On November 17, 1558, Princess Elizabeth Tudor was sitting beneath an oak tree at her Hatfield estate when she received the news that she was now Queen of England. Some hours later the new Queen’s Great Council of State was held in the Great Hall, seated under the canopy of estate.
During her childhood years and before becoming Queen in 1558, Princess Elizabeth was moved around a succession of Royal homes and under the reign of Mary I. Elizabeth was suspected of involvement in a plot against her half-sister, Queen Mary I, and in March 1554 was imprisoned in the Tower of London. No evidence was ever proved against her and she was released later that year. On 14 January, 1559, Elizabeth returned to the Tower under very different circumstances, and after the traditional celebrations, she left the fortress to ride through the City of London to her coronation at Westminster Abbey.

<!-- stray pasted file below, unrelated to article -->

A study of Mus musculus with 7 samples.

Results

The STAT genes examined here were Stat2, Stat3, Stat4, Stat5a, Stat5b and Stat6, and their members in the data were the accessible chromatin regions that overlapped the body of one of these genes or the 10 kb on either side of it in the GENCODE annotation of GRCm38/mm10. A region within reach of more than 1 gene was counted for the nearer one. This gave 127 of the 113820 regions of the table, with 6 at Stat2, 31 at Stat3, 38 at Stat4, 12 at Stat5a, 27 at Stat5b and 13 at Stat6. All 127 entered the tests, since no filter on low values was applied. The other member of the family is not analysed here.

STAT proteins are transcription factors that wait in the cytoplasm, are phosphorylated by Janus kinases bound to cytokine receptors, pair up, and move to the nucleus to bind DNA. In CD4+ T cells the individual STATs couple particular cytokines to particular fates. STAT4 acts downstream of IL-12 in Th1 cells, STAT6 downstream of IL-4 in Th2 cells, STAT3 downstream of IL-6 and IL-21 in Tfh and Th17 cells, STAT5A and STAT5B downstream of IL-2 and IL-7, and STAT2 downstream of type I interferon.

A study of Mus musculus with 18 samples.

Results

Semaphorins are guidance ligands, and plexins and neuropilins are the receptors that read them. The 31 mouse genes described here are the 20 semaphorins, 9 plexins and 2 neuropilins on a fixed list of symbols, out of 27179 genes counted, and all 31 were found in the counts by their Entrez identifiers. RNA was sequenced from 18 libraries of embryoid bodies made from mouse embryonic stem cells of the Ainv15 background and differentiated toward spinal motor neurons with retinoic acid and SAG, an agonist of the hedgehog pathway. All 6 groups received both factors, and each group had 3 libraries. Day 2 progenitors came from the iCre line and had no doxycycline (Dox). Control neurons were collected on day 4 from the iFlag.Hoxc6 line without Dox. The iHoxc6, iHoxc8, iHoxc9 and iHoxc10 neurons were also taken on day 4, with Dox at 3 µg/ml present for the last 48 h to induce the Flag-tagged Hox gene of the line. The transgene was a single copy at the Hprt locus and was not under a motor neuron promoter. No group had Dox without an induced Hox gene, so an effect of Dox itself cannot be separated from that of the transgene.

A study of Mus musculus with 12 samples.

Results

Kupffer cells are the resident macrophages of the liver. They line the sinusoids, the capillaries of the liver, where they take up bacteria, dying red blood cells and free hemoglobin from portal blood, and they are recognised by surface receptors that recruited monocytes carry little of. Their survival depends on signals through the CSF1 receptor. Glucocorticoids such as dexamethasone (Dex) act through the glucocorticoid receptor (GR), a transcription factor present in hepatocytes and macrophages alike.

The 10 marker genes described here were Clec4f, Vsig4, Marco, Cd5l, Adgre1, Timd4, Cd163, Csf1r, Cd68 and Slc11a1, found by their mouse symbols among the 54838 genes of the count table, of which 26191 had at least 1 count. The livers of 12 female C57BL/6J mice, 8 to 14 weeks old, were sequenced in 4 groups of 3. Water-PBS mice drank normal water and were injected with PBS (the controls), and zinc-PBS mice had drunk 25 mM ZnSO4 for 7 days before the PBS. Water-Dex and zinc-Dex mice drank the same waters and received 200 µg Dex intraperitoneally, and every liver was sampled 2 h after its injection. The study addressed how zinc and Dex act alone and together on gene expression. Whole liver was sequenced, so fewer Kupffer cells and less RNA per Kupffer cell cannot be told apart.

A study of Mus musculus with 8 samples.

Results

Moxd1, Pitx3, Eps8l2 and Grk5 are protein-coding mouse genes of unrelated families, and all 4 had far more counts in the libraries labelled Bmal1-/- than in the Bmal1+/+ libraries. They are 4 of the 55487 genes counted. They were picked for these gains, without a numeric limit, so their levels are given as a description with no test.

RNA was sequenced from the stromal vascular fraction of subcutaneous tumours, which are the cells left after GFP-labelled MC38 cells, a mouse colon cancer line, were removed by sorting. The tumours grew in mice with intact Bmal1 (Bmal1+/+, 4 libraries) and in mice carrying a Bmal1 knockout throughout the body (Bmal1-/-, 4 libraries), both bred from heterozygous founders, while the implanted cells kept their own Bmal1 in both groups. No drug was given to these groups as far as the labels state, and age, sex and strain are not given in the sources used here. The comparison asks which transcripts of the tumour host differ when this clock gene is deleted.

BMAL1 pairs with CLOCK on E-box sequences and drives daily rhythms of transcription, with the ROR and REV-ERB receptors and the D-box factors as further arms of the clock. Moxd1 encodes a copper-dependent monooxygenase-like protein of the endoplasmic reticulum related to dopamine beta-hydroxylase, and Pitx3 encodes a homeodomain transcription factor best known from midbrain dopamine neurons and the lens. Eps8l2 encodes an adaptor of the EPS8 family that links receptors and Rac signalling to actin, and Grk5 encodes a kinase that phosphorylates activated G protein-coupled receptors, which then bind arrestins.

According to one foreign visitor during Elizabeth’s reign, Hampton Court was the most splendid and magnificent royal Palace of any that may be found in England or, indeed any other Kingdom. Although Elizabeth did not build during her reign, traces of her work on Hampton Court still remain. For example, the easternmost kitchen – the Queen’s private or privy kitchen – is now the Privy Kitchen Coffee Shop. There is also a bay window inscribed 1568 that can be seen from the Pond Gardens. Even without significant changes, half a century after Henry VIII had built Hampton Court Palace, it was still among the most impressive in Europe. With its lavishly decorated rooms, rich hangings and furniture, Hampton Court was designed to inspire awe. During Elizabeth’s reign, Hampton Court was used to stage lavish court entertainments, with dramatic performances and court masques.
This tour is hosted by Julian Humphrys and author, historian and broadcaster Dr Tracy Borman will be the guest speaker.